From the Braver Institite
While on the phone with my good friend Wayne Genghis the other day, the subject of the differences between men and women came up. I mentioned that these differences go back to childhood. I also mentioned that it is said that girls mature earlier than boys. Wayne immediately responded that he has never believed that, and that he thinks that story was made up by researchers who were tasked with finding something to report as a result of their research so they could continue to receive funding for more research.
While I am not sure as to the legitimacy of such things, I did have to admit that I have seen a lot of evidence to refute those findings. It wouldn’t surprise me to find that boys and girls mature at the same age, or that it at least depends on the person.
As of this writing my teenage daughter is a huge fan of some boy-band (and I use the word “band” with the least amount of musical ability I can attach to it) called No Direction, or Wrong Way, or something like that. I am sure that by the time this goes to press the “band” will be relinquished to the corners of the dust bin of music history and my daughter will have moved on to the next earcandy superstars of the nanosecond.
This whole scenario has repeated itself over and over since the beginning of teenage heartthrobs. With the exception of Elvis, Frank Sinatra, and maybe the Beatles, few have ever gone on to be taken seriously, musically speaking. They existed solely to make money off of adolescent and teenage girls.
Boys are rarely caught up in the hysteria of such things. Popstar dujours were never created for boys. Boys are much too mature to fall for such things.
When I was my daughter’s age my friends and I were listening to Foghat, Aerosmith, Humble Pie, Ted Nugent, and Pink Floyd. Essentially we were listening to our big brother’s music. My brother, Farr, is ten years older than I am. It was his record collection I was tapping into. My sister, on the other hand, was listening to Shaun Cassidy, and Leif Garrett. Remember them? I didn’t think so. The music collection her and her friends were listening to came from the K-Tel label.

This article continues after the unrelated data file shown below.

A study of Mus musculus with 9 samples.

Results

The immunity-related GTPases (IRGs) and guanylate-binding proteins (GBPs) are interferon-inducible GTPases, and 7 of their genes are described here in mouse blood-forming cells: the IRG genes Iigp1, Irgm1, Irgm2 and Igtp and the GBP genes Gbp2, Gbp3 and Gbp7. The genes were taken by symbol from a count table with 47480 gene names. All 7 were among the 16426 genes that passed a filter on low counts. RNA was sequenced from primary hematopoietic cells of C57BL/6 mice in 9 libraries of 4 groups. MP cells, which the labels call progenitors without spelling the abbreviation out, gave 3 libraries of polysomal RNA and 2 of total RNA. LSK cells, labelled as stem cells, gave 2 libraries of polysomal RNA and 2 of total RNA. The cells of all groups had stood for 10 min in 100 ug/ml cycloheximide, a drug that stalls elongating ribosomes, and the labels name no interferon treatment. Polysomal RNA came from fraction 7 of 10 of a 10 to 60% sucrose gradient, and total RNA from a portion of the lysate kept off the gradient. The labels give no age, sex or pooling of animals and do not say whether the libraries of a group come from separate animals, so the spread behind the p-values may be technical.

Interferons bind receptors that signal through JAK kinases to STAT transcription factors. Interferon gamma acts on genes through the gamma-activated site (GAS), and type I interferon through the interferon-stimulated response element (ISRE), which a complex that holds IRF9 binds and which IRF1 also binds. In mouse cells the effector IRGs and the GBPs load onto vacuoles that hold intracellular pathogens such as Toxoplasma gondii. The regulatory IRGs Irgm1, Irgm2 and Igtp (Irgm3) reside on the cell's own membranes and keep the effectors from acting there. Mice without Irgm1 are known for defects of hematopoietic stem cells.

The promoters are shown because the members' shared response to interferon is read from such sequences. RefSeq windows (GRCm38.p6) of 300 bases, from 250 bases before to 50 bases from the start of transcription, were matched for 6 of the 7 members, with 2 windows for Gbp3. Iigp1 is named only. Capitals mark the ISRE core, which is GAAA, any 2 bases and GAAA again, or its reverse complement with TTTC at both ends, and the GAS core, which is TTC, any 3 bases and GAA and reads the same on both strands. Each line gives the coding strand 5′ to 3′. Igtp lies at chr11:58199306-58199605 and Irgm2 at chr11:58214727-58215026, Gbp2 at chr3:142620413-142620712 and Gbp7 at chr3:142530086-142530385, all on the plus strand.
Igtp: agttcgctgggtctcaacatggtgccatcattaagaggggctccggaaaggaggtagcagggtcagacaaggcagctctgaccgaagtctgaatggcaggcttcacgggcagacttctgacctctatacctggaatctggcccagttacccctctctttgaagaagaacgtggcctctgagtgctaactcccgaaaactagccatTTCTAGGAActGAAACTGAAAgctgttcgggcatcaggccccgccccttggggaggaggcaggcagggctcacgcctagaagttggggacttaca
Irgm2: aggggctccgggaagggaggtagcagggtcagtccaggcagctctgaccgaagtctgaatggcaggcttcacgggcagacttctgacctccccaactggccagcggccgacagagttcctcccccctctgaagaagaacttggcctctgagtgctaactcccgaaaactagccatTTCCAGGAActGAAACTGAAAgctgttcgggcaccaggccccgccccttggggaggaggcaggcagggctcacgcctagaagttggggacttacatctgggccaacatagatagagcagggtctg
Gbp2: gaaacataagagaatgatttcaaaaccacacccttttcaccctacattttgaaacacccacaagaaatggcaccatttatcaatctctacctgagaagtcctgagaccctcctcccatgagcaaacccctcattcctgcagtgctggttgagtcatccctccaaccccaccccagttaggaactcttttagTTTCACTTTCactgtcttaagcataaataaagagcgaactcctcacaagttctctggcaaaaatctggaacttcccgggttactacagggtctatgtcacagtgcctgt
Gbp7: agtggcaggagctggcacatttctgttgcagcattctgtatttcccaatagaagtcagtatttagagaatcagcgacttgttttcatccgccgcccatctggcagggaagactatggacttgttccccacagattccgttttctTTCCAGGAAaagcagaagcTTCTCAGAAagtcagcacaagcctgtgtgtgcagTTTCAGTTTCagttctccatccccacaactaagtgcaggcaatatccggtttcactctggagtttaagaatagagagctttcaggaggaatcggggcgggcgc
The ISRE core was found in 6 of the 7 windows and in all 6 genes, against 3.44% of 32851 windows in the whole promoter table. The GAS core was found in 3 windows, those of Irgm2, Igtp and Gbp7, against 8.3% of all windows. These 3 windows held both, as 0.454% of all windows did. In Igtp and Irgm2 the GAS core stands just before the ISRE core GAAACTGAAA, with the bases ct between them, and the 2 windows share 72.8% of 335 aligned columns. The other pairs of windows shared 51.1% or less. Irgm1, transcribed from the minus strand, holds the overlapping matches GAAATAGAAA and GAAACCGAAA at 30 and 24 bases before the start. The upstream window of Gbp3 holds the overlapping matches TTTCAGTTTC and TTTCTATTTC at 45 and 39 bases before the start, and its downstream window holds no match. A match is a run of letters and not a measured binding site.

The girls liked their pop idols because they were cute. Not because they were talented. Boys, on the other hand, liked Cheryl Tiegs and Farrah Fawcett because they too were cute. I have no idea if they were talented. I am thankful that they didn’t sing, but then again we wouldn’t have listened anyway.
Sure, there were cute pop stars who were girls, but even then their primary listenership consisted of teenage girls. Sure, The Go-Gos and The Bangles were easy on the eyes, but their music made boy’s ears bleed.
The bedrooms of teenage girls were adorned with posters featuring Andy Gibb, The Bay City Rollers, and Donny Osmond. The posters in the bedrooms of teenage boys, on the other hand, consisted of the posters that came with the Dark Side of the Moon lp, posters of motorcycles and cars, and of course posters of Cheryl Tiegs and Farrah Fawcett (but they weren’t singers so they don’t count against us).
The girls also liked all of the magazines that were full of the latest photos and gossip about their idols. Tiger Beat, Teen Beat, and the other magazines of their ilk were the mainstays of a teen girls reading. Oh maybe they would read Seventeen to look more mature, but that was only to impress their friends.
As boys, we were reading Rolling Stone because we were mature enough to really care about the music. We were also mature enough to be reading such fare as Hot Rod, Outdoor Life, Field and Stream, Popular Mechanics, Playboy (for the articles), and National Geographic (in the absence of Playboy, again for the articles), all respected magazines in the world of mature people.
To me this is all close to overwhelming proof that the researchers were wrong, and girls do not mature earlier than boys. Now if you’ll excuse me, I have to go pick up the latest issue of Mad magazine.